Each New Year’s, millions of Americans make resolutions related to nutrition. Perhaps you are one of those who resolved to eat better in 2020. You committed yourself to strictly following the latest fad diet eliminating many of your favorite foods. If you are like most people, after a few weeks the honeymoon phase is over. You feel the deprivation and you are at the point of collapse.
What would happen if your resolution to eat better in the New Year were not all or nothing? Would you have more motivation and be more likely to succeed?
Plant-based diets, unlike fad diets, may just be your answer. Plant-based diets come in many different forms, categorized by the extent to which meat plays a role. While vegans eat an entirely plant-based diet void of meat, dairy and eggs, those following a plant-forward diet emphasize plant-based foods but still include small amounts of animal foods.
Whatever end of the spectrum one’s plant-based diet may fall, eating more plants can lead to a lower risk of obesity, heart disease, type 2 diabetes and cancer. Remember though, it’s not just about reducing the amount of animal foods you eat, it’s about replacing them with plant-based foods that are whole, high quality and nutrient dense. Adopting a pattern of eating that is plant-forward gives prominence to nutrient-rich fruits, vegetables, whole grains, legumes, nuts and seeds, herbs and spices, and plant-based oils.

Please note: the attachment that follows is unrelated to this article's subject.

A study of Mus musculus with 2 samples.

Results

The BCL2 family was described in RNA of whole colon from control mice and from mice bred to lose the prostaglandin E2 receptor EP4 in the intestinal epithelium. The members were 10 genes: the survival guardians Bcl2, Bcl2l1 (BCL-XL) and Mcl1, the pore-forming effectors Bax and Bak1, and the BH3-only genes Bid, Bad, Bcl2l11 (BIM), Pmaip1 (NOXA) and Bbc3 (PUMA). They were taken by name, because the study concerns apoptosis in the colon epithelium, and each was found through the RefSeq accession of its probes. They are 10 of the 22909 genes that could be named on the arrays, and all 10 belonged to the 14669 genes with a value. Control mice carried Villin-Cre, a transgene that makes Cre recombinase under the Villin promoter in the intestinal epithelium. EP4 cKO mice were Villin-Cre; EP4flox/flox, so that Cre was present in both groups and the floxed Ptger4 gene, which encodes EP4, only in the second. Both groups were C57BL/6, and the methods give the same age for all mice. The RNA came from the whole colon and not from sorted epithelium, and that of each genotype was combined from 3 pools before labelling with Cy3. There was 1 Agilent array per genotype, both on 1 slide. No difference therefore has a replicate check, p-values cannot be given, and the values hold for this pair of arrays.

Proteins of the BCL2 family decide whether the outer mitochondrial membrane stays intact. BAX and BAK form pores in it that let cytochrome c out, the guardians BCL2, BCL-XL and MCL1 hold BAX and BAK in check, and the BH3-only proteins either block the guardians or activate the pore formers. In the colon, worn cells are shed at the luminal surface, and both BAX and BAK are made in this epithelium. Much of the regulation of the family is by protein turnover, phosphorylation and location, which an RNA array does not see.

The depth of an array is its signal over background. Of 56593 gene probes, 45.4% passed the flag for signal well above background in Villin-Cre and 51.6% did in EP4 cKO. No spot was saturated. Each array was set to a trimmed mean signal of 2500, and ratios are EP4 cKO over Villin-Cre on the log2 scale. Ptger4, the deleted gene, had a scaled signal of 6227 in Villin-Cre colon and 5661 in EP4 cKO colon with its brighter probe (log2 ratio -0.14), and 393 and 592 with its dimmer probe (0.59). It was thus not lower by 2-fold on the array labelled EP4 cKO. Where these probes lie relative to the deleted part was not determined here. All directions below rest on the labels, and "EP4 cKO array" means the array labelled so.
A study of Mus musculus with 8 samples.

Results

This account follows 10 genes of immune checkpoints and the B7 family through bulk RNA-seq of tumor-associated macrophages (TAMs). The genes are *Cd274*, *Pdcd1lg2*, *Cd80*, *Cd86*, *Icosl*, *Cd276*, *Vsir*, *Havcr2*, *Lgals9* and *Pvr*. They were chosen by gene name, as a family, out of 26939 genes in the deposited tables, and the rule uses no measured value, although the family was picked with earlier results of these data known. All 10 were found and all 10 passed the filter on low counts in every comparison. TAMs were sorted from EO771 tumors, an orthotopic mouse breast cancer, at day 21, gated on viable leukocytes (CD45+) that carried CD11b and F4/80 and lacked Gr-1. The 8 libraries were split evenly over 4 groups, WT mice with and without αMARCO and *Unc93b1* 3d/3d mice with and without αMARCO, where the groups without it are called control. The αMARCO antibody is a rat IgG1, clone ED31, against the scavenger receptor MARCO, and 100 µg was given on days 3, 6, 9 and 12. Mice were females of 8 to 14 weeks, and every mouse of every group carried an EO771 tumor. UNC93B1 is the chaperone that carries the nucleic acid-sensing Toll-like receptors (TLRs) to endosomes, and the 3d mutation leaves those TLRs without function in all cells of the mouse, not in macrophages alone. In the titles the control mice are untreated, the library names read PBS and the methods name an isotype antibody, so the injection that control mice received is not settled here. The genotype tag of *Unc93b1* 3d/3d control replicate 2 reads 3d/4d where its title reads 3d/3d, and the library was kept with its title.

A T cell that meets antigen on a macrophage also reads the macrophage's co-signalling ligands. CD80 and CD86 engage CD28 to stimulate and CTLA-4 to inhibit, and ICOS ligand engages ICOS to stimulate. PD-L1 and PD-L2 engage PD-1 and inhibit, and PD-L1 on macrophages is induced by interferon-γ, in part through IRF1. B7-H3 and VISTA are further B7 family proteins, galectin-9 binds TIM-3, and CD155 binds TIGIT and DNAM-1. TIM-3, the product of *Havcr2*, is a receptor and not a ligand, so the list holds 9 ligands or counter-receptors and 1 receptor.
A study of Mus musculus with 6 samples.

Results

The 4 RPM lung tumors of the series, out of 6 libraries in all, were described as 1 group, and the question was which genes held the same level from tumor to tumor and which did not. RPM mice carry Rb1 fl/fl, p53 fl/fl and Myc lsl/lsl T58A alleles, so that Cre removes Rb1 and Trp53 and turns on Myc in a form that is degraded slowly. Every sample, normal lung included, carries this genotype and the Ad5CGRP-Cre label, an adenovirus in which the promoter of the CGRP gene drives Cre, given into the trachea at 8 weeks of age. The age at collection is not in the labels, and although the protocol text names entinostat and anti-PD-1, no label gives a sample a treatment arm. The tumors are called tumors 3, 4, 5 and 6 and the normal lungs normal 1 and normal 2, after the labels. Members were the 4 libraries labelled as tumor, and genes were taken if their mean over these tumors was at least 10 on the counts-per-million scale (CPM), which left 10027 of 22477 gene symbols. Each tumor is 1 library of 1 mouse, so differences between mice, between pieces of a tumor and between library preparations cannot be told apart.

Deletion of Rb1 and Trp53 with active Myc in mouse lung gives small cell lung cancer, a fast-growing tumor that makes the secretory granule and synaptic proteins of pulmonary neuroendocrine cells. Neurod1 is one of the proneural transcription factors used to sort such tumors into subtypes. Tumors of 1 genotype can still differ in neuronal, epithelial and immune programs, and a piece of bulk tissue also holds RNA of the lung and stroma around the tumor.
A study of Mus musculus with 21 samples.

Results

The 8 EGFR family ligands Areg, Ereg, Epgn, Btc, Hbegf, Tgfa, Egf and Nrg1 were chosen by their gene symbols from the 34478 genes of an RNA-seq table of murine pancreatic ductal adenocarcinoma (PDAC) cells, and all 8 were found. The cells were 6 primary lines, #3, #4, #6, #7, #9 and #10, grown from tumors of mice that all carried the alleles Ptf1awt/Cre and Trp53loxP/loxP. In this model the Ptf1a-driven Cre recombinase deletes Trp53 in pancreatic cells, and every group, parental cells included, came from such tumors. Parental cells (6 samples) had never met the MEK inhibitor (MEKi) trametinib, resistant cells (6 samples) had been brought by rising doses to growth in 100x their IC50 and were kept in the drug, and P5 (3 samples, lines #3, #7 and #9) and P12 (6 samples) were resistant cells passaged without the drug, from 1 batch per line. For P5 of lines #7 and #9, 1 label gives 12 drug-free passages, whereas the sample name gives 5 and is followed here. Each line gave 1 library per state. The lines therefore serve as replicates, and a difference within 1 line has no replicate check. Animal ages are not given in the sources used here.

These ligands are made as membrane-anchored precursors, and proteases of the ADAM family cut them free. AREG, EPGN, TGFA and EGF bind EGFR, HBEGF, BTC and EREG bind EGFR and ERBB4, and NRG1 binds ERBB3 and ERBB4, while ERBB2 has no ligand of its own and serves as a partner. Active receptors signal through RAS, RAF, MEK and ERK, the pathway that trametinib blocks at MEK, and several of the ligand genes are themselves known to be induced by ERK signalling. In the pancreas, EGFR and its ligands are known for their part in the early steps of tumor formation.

Moving to a more plant-forward pattern of eating can happen gradually. Try starting with a meatless meal once a week and adding more meatless meals and days as you become accustomed to it.
Additionally, when meat does make an appearance on the plate, it does not have to be the main feature. Plant foods can take the leading role on your plate while animal foods can serve as a side dish or garnish. For example, load a brown rice bowl with vegetables and top it with just a few pieces of meat.
Not only do whole food plant-based diets have the benefit of reducing risk of chronic disease, they can also help you save on your weekly grocery bills. Plant-based proteins such as beans, lentils, nuts and seeds tend to be much less expensive than their meat counterparts. Studies have shown that consuming a plant-based diet can have environmental benefits as well, placing far less of a burden on natural resources than an animal-based diet.
Looking for tips on how to adopt a more plant-forward diet? Just like any healthy eating pattern, choose foods in their most whole and least processed form. Learn to love legumes, swapping a serving of red meat for lentils or chickpeas. Add a variety of vegetables to omelets, pastas and soups. Use fruit and nuts as toppers to your oatmeal and yogurt or eat them on their own as a snack. Seek recipe inspiration in Mediterranean and Asian cultures, as these cuisines tend to have many plant-based traditional dishes.
Whether you choose a plant-only or plant-forward approach to eating in the New Year, enjoy the benefits of improved health while saving money and the environment.
Sarah Curran is the Family & Community Health Sciences Program Associate for Rutgers Cooperative Extension of Warren County. She can be reached at 908-475-6504 or by email at firstname.lastname@example.org.